This sermon series includes the following messages:
One paragraph in the first edition of Hard to Believe contained a glaring error that has the potential to mislead readers about the book’s whole intent. The problematic passage is the opening paragraph of chapter 6 (page 93), which seems to suggest that salvation is the fruit of godly living. The truth is exactly the opposite.
That error was inadvertently introduced into the manuscript in the late stages of the editorial process. Phil Johnson has been John MacArthur’s primary editor for more than twenty-seven years. He helps him assemble most of his major books from sermon transcripts.
Hard to Believe is one of only three or four books since 1981 that Phil Johnson had no part in during the editorial process. At the publisher’s behest, the editor of that book was a free-lance editor with no connection to our ministry. He was a highly competent man whose editorial skills are impressive and whose work is generally excellent. He assembled and edited the first draft of Hard to Believe.
John MacArthur read the manuscript, made revisions and corrections, and was generally pleased with the editor’s efforts. Phil Johnson read a few samples only and agreed that the portions he read were excellent.
However, some reviewers on the publisher’s side felt there was too much repetition in the book and that it was too long. So during a meeting to discuss final details about the book just before it went to press, the publisher decided to delete four chapters from the heart of the manuscript.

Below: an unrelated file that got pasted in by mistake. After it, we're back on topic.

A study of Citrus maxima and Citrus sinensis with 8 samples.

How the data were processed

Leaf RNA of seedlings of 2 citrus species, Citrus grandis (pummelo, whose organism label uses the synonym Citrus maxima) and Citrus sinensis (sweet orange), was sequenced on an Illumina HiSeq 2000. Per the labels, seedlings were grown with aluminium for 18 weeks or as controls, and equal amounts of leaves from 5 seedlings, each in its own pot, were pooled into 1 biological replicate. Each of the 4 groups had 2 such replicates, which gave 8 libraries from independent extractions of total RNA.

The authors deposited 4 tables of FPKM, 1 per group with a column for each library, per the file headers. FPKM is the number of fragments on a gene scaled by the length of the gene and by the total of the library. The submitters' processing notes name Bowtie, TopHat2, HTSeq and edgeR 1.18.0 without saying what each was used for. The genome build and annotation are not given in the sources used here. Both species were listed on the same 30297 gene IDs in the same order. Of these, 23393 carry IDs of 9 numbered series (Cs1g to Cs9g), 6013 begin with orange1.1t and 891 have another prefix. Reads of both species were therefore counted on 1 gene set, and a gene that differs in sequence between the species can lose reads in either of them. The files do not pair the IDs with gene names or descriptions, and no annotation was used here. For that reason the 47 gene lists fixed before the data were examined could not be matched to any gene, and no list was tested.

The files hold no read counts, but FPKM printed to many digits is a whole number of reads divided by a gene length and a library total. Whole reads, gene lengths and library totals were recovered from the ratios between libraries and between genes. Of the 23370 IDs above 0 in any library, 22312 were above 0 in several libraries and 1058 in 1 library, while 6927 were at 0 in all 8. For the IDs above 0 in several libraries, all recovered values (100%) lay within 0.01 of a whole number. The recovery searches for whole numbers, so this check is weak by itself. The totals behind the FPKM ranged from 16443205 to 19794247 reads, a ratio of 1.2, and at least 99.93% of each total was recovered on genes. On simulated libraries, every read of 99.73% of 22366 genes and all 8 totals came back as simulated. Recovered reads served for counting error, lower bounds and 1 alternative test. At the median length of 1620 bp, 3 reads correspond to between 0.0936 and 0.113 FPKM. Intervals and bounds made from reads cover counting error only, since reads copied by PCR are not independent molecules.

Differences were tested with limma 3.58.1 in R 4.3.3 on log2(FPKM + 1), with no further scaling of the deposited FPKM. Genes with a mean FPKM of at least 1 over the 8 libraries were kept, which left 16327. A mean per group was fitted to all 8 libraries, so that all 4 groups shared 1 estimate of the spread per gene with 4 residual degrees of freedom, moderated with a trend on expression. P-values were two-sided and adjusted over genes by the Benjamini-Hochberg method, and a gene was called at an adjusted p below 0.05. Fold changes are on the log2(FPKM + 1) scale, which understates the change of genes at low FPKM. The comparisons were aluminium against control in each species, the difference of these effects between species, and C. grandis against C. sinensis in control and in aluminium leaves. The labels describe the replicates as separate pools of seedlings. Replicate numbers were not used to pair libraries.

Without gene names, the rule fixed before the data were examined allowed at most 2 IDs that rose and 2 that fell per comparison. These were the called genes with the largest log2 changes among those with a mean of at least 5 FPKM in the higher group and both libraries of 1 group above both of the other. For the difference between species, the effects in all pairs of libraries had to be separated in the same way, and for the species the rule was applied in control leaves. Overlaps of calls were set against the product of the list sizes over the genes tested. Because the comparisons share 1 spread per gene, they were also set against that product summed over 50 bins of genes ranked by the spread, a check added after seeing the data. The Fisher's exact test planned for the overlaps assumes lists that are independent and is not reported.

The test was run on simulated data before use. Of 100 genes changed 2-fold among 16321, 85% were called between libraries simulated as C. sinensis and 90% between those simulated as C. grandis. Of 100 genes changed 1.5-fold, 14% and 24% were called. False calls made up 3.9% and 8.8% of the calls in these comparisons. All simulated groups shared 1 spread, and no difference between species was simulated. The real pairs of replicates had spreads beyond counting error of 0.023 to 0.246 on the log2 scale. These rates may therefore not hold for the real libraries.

John MacArthur agreed to the deletions, assuming it would be a simple process. The problem was that the original opening of (what is now) chapter 6 referred to some of the material that was deleted. So the chapter-opening was rewritten to make a different transition. To this day no one at Grace to You knows if it was an editor on the publisher’s side or the free-lance editor who rewrote that opening paragraph. No one ever wanted to "fess up."
But somehow, owing to the late deletion and the need to keep printing on schedule, the revision (deemed “simple” by the editors involved because it was less than 8 sentences) was never sent to John MacArthur for approval. Obviously, the paragraph was written by someone whose grasp of doctrine is minimal.
That botched paragraph contradicts what John MacArthur teaches everywhere else about justification by faith (click here). In fact, John immediately issued a corrective statement and sent a revision to the publisher for future editions of Hard to Believe (click here).